McKesson Canada BlistAssist

A device that revolutionizes the workflow in pharmacies by optimizing the preparation of medication blister cards.

Electronic EngineeringFirmware DevelopmentIndustrial DesignMechanical EngineeringProduct StrategyUX Design

A product that revolutionizes the workflow in pharmacies.

McKesson Canada, a company whose mission is to improve all aspects of health care, engaged NOVO to develop a solution for manually preparing and verifying medication blister cards in pharmacies.

NOVO and McKesson Canada proposed an innovative solution to a number of problems in pharmacies. BlistAssist is the only technology product of its kind on the market, and we harnessed all of our expertise to develop this integrated solution within a short span of time.





The McKesson Canada BlistAssist is Protected by the following patents: Australian Patent No. 2011615417; Canadian Industrial Design Registration No. 169907; EU Community Design Reg. No. 001453104-0001; New Zealand Design Registration No. 422105; U.S. Design Registration No. D806,261. Additional patents may be pending in the U.S. and elsewhere.

An idea that is innovative and unique on the market

Our industrial designers and the McKesson Canada team came up with the idea of using a projection system to show which cups to fill, along with the right medication and amount. Each step would then be photographed and recorded for the pharmacist to review and approve.

This system would ensure fast and accurate preparation while significantly reducing the risk of error, which is a big issue for pharmacies. The projector would also make it possible to display much more information, such as the patient’s profile and drug information, as well as interactively guide the technician through the process.

Product strategy and user experience

Of course, a good idea doesn’t count for much without good execution. With that in mind, our strategists and designers had to verify and confirm that the idea was as good in reality as it was on paper. This was when the immersion stage of the project began.

The project team visited several pharmacies to get a good grasp of the environment and the profile of the end users, who in this case are pharmacy lab technicians. Among other things, we had to fully understand and analyze the:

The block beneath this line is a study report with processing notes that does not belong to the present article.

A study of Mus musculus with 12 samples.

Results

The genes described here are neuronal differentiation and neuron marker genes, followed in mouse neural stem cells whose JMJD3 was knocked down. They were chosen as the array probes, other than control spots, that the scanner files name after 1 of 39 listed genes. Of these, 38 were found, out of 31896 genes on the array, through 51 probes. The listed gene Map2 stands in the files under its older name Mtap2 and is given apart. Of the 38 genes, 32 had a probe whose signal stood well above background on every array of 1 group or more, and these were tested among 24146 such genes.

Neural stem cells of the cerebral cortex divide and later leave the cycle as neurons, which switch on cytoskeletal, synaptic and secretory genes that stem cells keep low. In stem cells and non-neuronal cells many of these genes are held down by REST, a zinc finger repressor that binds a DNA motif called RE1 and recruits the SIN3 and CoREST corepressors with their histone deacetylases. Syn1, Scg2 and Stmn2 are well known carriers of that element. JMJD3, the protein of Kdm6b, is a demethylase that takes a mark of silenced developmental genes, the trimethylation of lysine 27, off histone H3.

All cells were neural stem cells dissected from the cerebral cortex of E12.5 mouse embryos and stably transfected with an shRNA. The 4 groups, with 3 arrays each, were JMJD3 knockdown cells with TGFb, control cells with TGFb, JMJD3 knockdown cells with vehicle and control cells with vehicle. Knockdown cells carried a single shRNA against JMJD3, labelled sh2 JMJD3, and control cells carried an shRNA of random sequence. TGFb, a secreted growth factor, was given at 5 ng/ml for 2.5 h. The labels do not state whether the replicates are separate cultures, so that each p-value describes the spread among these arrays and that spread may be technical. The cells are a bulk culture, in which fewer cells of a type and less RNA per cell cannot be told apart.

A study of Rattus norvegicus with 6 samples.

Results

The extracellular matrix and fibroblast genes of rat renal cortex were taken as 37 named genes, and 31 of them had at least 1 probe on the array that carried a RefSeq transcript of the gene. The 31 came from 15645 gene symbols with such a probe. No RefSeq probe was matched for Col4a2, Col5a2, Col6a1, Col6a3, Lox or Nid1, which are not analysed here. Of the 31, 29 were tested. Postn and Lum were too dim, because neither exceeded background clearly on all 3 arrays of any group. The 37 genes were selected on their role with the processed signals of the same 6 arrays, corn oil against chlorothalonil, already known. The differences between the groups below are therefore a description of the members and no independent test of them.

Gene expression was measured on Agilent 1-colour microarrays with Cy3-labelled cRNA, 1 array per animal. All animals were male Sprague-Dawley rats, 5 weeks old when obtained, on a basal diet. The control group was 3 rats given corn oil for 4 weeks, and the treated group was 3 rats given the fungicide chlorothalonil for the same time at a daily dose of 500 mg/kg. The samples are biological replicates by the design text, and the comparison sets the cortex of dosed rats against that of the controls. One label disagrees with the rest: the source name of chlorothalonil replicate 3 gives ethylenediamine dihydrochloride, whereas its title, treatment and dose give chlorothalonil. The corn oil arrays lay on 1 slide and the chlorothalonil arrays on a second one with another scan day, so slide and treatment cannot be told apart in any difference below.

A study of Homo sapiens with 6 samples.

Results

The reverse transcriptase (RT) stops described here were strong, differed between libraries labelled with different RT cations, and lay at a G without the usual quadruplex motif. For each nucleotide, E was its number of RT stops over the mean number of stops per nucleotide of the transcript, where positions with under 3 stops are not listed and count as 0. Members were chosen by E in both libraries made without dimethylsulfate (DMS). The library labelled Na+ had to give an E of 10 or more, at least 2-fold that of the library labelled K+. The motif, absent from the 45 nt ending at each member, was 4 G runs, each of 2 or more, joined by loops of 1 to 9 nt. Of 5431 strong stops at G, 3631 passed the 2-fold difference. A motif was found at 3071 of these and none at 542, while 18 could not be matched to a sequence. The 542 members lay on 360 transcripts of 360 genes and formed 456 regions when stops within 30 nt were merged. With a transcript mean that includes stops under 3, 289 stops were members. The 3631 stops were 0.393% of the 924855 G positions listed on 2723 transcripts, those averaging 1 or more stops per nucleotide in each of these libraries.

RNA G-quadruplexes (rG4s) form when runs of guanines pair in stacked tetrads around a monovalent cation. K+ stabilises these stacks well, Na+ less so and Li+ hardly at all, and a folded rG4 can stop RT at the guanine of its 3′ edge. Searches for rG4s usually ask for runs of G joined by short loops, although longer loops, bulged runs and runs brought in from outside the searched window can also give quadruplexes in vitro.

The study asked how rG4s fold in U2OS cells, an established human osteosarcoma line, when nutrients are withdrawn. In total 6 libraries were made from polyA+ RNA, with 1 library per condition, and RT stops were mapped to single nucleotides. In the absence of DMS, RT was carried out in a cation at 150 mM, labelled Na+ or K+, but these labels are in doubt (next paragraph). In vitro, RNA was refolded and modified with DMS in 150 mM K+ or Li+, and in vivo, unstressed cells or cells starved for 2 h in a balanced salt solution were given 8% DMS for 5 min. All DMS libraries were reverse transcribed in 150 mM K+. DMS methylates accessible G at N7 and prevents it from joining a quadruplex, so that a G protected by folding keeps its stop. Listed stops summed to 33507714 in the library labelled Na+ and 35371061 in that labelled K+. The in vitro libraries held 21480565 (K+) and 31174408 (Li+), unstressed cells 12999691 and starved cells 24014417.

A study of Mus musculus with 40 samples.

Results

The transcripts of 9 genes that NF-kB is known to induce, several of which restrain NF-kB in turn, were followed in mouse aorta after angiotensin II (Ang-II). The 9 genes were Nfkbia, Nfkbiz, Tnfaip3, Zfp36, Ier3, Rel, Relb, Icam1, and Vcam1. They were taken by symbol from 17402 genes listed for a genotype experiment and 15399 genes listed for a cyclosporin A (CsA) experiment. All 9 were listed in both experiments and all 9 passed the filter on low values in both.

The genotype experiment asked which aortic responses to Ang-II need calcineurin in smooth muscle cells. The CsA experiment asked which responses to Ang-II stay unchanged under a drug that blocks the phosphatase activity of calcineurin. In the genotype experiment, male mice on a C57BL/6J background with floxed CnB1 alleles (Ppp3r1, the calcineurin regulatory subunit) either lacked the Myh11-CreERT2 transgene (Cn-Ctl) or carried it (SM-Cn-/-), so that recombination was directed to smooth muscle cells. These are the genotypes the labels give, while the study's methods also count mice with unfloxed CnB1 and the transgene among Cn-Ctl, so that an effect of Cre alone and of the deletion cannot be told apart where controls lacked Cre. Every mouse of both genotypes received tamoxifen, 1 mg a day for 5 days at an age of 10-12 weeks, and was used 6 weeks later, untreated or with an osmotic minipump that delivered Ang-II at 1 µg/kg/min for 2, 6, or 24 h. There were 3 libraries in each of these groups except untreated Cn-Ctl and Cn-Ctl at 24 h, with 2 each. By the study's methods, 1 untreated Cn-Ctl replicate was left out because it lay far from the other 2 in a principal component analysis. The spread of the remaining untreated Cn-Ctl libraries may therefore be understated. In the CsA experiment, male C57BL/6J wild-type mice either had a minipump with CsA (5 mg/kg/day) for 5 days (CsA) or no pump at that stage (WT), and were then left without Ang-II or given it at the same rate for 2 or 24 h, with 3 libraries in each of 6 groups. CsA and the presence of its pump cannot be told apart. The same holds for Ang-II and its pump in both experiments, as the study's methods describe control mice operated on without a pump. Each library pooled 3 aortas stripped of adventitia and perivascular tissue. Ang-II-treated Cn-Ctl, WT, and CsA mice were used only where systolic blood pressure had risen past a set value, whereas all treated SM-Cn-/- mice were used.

A proof of concept that let us test the idea quickly

The first physical proofs of concept were made using user experience data collected up front.

Our industrial designers built a first physical proof of concept out of wood and incorporated a store-bought projector and an ordinary mirror to project the image onto the table.

Despite some challenges, such as the projection angle, photography, and accuracy of the projector, we were able to quickly confirm at that stage that the initial idea really was feasible and functional.

Structure en bois



Surface de projection

Design concepts, prototyping, and testing

In close cooperation with our engineering teams, our designers validated the ergonomics and usability of the solution in pharmacy using a volumetric model. Several visual concepts were then designed, accounting for the size of BlistAssist, the McKesson Canada brand image, and the future electronic and mechanical components.

This iterative process enabled McKesson Canada to select a final design, as well as have a complete and optimized user flow based on user testing.

Technical development and engineering

During the technical development phase, our mechanical engineers incorporated all the components. They overcame a number of challenges, including the potential for the projector to overheat, the projection angle, and the positioning of components like the barcode scanner and camera within a tight space.
Over in electronic engineering, our team selected the components, including the camera, barcode scanner, USB hub, sensors, buttons, electromagnet, and more. This same team also designed a printed circuit board (PCB) based on a microcontroller (MCU) that would read sensors and buttons, activate an electromagnet, and communicate with the control computer via USB.
As for our embedded software specialists, they developed the software for the microcontroller on the printed circuit board.

The outcome

This collaboration with McKesson Canada yielded an innovative, patented, and marketable product that revolutionizes the preparation of blister cards in pharmacies. BlistAssist improves the sorting and packaging process and reduces the risk of error, while also incorporating traceability and drug verification.

This initial collaboration also kickstarted the development of other innovative products with McKesson Canada, which we’ll look at in future case studies.